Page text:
World first discovery of spleen function could lead to better treatments for infectious diseases: Researchers at the Peter Doherty Institute for Infection and Immunity (Doherty Institute) have discovered a new gene that plays an important role in the way the spleen functions, potentially leading to new treatments for infectious diseases.

An advanced fluorescent microscopy image of the complex networks of stromal cells that construct the spleen and support immune responses. Image: Professor Scott Mueller

The study, published in Science Immunology, also uncovered multiple new spleen cells and revealed the distinct way they respond in order to fight off different infections.

The spleen plays a key role in the immune responses that protect the body against various diseases and infections such as virus infections, malaria and sepsis, and also plays a key role in the immune response to vaccines. However, it has not been known how the spleen functions to support this response.

University of Melbourne Professor Scott Mueller, a Laboratory Head at the Doherty Institute and lead author on the paper, explained that whilst it is known the spleen is made up of various networks of cells called fibroblasts, a clear picture of how these cells are constructed and function, was lacking.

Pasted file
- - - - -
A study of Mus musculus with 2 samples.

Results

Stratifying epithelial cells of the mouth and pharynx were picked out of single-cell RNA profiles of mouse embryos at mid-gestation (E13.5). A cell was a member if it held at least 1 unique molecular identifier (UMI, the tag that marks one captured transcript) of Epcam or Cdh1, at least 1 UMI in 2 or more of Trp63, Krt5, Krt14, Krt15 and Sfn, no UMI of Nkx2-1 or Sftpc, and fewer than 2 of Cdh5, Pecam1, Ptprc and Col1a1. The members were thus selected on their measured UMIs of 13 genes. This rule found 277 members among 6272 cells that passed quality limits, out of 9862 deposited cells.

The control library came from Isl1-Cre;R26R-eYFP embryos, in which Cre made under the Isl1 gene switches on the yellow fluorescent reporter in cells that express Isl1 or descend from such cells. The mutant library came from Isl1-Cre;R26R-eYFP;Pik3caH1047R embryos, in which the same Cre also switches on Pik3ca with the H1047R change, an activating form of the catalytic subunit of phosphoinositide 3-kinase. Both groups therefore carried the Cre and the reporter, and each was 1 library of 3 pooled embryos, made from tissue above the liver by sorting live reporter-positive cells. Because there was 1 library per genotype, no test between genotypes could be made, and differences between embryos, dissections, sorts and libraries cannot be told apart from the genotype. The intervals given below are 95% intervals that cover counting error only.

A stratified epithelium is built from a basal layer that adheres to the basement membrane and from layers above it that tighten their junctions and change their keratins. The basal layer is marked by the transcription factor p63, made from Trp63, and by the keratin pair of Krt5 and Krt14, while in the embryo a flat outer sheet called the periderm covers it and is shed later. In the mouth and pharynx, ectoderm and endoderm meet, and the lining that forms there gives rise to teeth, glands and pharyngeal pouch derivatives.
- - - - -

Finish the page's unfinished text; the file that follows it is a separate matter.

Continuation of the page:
“Using novel biological tools and next generation sequencing, we were able to examine precisely how specialised types of fibroblast cells dictate how the spleen works to protect against infections,” Professor Mueller explained.

“We performed next generation sequencing to understand what genes are expressed by fibroblasts in the spleen. We used advanced fluorescent microscopy to visualise the 3D networks of cells in the spleen.

“Since the fibroblasts are the cells that construct the architecture of the spleen, or the building blocks that make the tissue, the combination of advanced approaches allowed us to discover how these cells function and support immune responses to infections. One major outcome of this was the discovery of the gene SpiB, which plays a previously unknown role in spleen development and immunity.”

Professor Mueller said this work provided a new roadmap of the spleen that could lead to new therapies to treat diseases such as severe acute virus infections and chronic infections, and new ways to target the immune system to improve disease outcome.

“By surveying the fibroblast landscape of the spleen and providing the first in-depth look at the gene expression, we have been able to create detailed plans to the scaffold of this unique organ,” Professor Mueller said.

“These plans can now be utilised to discover new targets to treat diseases involving the spleen, as well as enable the design of more efficient vaccines.”